A Stanford Business School analysis argues that:
The previous examples suggest that shareholders should pay attention to matters involving the per- sonal lives of CEOs and take this information into account when making investment decisions.
The authors explain that:
There are at least three potential ways in which a CEO divorce might impact a corporation and its shareholders. The first is loss of control or influence. A CEO with a significant ownership stake in a company might be forced to sell or transfer a por- tion of this stake to satisfy the terms of a divorce settlement. This can reduce the influence that he or she has over the organization and impact decisions regarding corporate strategy, asset ownership, and board composition. ...
Second, divorce can affect the productivity, concentration, and energy levels of the CEO. ...
Third, divorce can influence a CEO’s attitude toward risk. ...
But do the corporation's directors have any legal obligation to monitor the CEO's personal life, including the health of his/her marriage? I don't think so.
The most directly relevant precedent is Beam ex rel. Martha Stewart Living Omnimedia, Inc. v. Stewart, 833 A.2d 961 (Del.Ch. 2003), aff’d, 845 A.2d 1040 (Del. 2004), which was a derivative action against Martha Stewart and other officers and directors of Martha Stewart Living Omnimedia (MSO), a public corporation with dual-class common stock. Stewart, who held 94.4 percent of the voting control, is, as the court puts it, “a household icon, known for her advice and expertise on virtually all aspects of cooking, decorating, entertaining, and household affairs generally.”
The Board, at the time the case arose, consisted of Stewart (CEO and founder), Patrick (President and Chief Operating Officer), Martinez (former CEO of Sears, Roebuck, which was an important retailer of MSO products), Moore (partner in an investment banking firm and longtime friend of Stewart), Seligman, Ubben, and Doerr (famous partner in a leading Silicon Valley venture capital firm). MSO’s market, as the court explains, is “uniquely tied to the personal image and reputation of its founder, Stewart.”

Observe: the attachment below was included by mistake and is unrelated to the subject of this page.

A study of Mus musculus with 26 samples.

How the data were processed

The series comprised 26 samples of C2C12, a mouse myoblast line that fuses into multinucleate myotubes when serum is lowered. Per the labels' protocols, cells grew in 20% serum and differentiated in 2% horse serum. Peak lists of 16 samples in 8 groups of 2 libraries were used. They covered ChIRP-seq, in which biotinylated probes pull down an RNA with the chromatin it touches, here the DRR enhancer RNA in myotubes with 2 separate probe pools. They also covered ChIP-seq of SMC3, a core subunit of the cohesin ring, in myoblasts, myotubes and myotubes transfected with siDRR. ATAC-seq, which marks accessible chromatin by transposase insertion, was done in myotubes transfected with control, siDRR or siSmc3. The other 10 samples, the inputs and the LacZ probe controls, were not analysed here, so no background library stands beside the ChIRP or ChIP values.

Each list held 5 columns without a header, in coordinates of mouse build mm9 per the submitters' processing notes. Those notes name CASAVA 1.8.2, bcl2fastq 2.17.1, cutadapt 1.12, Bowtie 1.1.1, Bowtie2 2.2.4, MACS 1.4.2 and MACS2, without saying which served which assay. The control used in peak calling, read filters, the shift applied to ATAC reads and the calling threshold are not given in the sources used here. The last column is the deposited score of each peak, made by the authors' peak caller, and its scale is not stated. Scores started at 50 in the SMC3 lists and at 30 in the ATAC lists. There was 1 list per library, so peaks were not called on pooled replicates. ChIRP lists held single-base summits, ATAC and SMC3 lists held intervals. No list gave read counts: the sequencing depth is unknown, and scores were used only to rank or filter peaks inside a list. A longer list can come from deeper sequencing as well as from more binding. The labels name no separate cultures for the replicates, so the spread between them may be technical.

Stewart was a close friend of Samuel Waksal, who was CEO of ImClone. Waksal learned that the FDA had rejected approval of a drug developed by ImClone and vital to its success. Waksal sold his own ImClone shares and tipped his father and his daughter. (He wound up in jail.) Stewart learned from her broker’s assistant that Waksal was dumping shares. She sold all her shares. The SEC and federal prosecutors investigated the possible violation of Rule 10b-5. Stewart eventually was indicted for obstructing justice and lying to federal prosecutors in defending herself based on the claim of a pre-arranged plan for sale of her shares. In March 2004 the case was tried and a jury found Stewart guilty. She subsequently served five months in prison and an additional five months house arrest.
Plaintiff Beam claimed that the MSO board was derelict in failing to monitor Stewart’s activities. The court rejected this Caremark-like claim, observing that:
Regardless of Stewart’s importance to MSO, she is not the corporation. And it is unreasonable to impose a duty upon the Board to monitor Stewart’s personal affairs because such a requirement is neither legitimate nor feasible. Monitoring Stewart by, for example, hiring a private detective to monitor her behavior is more likely to generate liability to Stewart under some tort theory than to protect the Company from a decline in its stock price as a result of harm to Stewart’s public image.
So while a board--as a matter of best practice--might consider the impact of the CEO's divorce on the business, I don't think they have any legal obligation to do so or to periodically update themselves on the health of the CEO's marriage.